Noise pollution, a recurring problem

Living a big city allows people to have a more cosmopolitan life, they get the latest technology first, the have cultural and science centres too, along with more appealing educational and job opportunities compared to the countryside or small towns.

But not everything is as beneficial as it sounds and that’s why more and more people are moving away from cities after they get tired of how hectic it could be. A big metropolis brings with it some difficulties or a high price to pay (besides the fact that they are more expensive) such as noise pollution.

The excess of noise affects people’s health and wellbeing, and some studies indicate that constant exposure to noisy environments may cause stress, depression, sleep disorder, loss of appetite and difficulties to concentrate.

During the past few years, some noise reductions products have being developed in order to make our lives in the city more bearable, those are the Noise Barriers which, the same way as a line of trees, they help protecting people from unpleasant noise in their house or workplace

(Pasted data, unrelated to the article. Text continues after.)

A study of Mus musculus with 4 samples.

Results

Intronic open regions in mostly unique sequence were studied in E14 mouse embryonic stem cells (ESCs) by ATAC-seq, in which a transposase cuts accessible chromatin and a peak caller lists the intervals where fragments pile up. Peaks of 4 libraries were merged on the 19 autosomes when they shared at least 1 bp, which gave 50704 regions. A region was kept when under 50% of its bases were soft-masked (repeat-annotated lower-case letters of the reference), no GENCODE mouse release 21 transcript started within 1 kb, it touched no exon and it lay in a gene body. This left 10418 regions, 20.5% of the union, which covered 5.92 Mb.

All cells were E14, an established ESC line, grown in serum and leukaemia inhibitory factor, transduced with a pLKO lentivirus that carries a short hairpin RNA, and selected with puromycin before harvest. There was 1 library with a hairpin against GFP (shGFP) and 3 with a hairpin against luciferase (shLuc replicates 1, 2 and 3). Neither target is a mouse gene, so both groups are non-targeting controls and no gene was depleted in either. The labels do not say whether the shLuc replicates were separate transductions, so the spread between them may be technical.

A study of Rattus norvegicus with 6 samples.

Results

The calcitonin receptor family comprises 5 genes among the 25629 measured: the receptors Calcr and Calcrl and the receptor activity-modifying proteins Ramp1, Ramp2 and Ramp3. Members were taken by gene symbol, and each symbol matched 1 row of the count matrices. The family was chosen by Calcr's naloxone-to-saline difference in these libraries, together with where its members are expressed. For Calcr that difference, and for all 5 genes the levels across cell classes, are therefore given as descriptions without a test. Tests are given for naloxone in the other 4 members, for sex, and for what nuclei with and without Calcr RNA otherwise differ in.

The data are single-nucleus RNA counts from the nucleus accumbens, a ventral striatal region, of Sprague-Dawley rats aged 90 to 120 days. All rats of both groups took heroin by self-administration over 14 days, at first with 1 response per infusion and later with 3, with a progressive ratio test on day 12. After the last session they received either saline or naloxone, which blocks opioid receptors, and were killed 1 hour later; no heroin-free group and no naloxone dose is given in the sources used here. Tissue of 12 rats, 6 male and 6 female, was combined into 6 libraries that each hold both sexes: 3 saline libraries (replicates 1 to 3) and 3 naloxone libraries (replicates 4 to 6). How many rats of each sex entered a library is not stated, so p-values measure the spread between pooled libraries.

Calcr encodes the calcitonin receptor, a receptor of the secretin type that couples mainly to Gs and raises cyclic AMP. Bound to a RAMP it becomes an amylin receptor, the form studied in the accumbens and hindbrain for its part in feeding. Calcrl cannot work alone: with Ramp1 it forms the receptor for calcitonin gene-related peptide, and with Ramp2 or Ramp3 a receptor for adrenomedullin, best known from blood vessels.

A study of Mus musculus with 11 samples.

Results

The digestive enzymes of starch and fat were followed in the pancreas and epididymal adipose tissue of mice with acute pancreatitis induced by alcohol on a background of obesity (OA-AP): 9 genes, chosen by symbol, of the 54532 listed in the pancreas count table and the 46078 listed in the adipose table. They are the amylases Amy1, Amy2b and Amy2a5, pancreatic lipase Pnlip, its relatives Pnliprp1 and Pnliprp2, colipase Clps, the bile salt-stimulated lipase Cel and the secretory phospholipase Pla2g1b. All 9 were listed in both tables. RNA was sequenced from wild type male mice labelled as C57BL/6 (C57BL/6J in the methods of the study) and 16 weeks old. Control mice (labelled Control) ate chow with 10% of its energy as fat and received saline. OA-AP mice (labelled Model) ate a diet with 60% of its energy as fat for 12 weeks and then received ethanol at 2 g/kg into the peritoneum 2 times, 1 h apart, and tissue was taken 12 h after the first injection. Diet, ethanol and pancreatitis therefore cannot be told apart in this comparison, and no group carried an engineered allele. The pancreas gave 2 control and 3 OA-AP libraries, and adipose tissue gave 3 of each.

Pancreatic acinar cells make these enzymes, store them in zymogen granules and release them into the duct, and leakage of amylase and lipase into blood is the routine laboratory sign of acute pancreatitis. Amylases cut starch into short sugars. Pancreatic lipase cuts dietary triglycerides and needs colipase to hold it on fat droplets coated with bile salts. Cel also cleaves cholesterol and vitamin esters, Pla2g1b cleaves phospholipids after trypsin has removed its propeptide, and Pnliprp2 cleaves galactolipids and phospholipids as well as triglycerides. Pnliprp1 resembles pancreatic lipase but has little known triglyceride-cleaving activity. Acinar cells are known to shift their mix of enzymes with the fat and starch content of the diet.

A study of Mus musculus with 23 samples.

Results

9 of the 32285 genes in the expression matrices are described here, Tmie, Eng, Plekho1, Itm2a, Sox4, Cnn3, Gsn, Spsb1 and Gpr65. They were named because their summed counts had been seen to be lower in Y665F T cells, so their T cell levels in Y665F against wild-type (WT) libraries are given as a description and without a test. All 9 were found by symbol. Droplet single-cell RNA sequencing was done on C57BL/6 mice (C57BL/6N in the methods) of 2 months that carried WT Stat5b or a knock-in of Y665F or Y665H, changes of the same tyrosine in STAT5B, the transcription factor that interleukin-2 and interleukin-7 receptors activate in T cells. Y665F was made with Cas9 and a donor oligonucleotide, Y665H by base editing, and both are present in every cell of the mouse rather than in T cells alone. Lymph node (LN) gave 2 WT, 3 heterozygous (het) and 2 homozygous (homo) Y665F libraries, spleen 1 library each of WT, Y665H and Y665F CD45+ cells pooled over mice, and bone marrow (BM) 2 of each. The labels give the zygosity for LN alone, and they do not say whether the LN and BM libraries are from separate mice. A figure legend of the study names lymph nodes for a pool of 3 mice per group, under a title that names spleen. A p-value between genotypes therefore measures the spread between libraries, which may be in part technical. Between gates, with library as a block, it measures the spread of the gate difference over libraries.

These days is not enough just to have a good material to diminish the noise, but it is also required a thorough study of shape and design of these panels and they must isolate the noise while absorbing and protecting the source and receptor of it. This has allowed Maccaferri to be at the top of high quality providers of noise barriers for roadand rail side.

They are well aware that Acoustic barriers are used to minimise noise pollution from one place to another. Regulations to minimise the environmental impact of the noise and visual pollution created by infrastructure and industrial works in residential areas has generated a growing demand for acoustic barriers and visual screening while maintaining minimal impact on the urban landscape. They combine the attributes of having a small footprint even in high structures and creating acoustic barriers and walling systems designed to vegetate.

That’s why when you think of isolating noise in the street, think Maccaferri.